By Lisa Schlein

GENEVA (VOA) -- The United Nations reports Syria remains the world's largest humanitarian crisis as killings, displacement, hunger and illness threaten the lives of more than 13 million people dependent upon international life-saving aid in this war-torn country.

According to the U.N., nearly one million people were newly-displaced in Syria between January and April, making this the highest number of people forced to flee their homes in a short period of time since the war began seven years ago.

Since last year, the number of people in hard-to-reach and besieged areas has dropped from 4.5 million to two million. Nevertheless, the United Nations says delivering humanitarian aid remains difficult. It blames this on ongoing conflict, bureaucratic red tape, and the refusal of the Syrian government to allow most U.N. convoys into these areas.

U.N. Regional Humanitarian Coordinator for the Syria Crisis Panos Moumtzis said the humanitarian operation is suffering from a huge funding shortage. He says only 27 percent of the $3.4 billion U.N. appeal has been received.

"With the low level of funding, the high acute level of emergency, the massive displacement, including evacuations that have taken place, the humanitarian response on the ground is really at a breaking point," he said. "We are stretched to the maximum. We are literally from hand to mouth, emptying warehouses, working around the clock."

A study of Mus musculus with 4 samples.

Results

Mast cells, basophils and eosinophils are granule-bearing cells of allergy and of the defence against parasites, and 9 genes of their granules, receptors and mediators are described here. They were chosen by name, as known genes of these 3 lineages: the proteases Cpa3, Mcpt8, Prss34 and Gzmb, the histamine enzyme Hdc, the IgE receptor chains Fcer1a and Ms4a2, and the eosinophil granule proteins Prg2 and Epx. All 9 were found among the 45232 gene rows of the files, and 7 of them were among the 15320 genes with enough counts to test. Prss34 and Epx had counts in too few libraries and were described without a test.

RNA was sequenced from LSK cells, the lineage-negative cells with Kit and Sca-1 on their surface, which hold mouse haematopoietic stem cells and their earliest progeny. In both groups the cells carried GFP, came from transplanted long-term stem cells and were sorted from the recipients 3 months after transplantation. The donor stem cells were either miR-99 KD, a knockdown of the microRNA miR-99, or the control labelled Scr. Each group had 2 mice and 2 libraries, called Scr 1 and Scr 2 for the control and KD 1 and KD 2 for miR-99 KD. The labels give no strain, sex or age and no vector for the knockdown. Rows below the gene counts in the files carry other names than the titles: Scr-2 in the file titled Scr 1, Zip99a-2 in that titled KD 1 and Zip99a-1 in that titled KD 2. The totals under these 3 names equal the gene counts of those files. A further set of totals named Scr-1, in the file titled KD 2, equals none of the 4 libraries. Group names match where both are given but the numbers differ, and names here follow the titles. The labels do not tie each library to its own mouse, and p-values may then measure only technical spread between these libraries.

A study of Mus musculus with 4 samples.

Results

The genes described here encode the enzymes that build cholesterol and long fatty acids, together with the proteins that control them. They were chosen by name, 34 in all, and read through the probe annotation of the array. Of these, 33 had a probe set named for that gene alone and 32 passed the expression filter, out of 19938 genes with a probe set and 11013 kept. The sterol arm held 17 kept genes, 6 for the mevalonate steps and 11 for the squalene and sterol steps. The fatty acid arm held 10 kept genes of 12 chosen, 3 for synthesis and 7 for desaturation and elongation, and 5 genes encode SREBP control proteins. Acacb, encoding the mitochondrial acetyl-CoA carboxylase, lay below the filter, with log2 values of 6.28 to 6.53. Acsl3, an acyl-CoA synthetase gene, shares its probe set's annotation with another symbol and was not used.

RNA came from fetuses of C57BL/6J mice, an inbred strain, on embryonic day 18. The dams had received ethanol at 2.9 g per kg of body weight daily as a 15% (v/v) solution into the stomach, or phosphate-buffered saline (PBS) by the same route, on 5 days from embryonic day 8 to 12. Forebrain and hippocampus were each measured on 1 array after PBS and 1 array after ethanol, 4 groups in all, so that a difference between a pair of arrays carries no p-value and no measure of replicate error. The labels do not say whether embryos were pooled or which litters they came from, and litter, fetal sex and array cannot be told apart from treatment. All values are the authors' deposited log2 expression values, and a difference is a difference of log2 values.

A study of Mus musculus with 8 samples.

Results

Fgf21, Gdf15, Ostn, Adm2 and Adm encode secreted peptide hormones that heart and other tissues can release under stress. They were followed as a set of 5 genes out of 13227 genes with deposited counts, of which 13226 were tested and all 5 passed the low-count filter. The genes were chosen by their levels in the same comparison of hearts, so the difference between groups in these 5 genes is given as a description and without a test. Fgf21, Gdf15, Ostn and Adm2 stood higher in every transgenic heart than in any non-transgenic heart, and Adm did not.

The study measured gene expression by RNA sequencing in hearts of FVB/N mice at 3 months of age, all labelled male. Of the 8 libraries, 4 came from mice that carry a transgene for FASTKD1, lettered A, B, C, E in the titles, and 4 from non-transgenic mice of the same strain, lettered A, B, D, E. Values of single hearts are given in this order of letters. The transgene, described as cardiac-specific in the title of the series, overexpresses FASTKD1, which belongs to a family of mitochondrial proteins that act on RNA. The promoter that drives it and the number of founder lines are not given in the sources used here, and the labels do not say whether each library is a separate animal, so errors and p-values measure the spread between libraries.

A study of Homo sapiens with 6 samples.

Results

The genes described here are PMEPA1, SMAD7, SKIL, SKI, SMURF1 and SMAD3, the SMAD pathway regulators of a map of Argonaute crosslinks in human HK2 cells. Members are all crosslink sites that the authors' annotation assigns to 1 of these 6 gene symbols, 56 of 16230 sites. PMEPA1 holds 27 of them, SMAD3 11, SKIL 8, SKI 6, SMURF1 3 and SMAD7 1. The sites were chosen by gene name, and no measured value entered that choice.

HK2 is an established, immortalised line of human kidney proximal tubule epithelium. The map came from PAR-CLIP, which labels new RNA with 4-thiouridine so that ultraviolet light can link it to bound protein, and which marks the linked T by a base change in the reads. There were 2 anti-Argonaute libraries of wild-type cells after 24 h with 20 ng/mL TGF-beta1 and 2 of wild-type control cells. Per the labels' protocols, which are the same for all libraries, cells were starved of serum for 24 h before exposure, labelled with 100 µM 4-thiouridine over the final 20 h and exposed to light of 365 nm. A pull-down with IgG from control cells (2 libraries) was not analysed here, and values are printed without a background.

Moumtzis said the United Nations is worried about a new escalation in fighting in the northern governorate of Idlib.

He told VOA 2.5 million civilians are living in Idlib under very harsh, congested conditions. He said there is no military solution to this explosive situation.

"The fact that civilians have been displaced there for quite some time, there has to be a negotiated way forward," he added. "There has to be a peaceful solution that avoids the bloodshed we saw in other areas, a peaceful solution that avoids more displacement taking place because there is nowhere else to go."

Moumtzis said the United Nations has drawn up contingency plans so humanitarian workers can respond quickly to the needs of the displaced should fighting intensify in Idlib. He said he hopes this will not be necessary.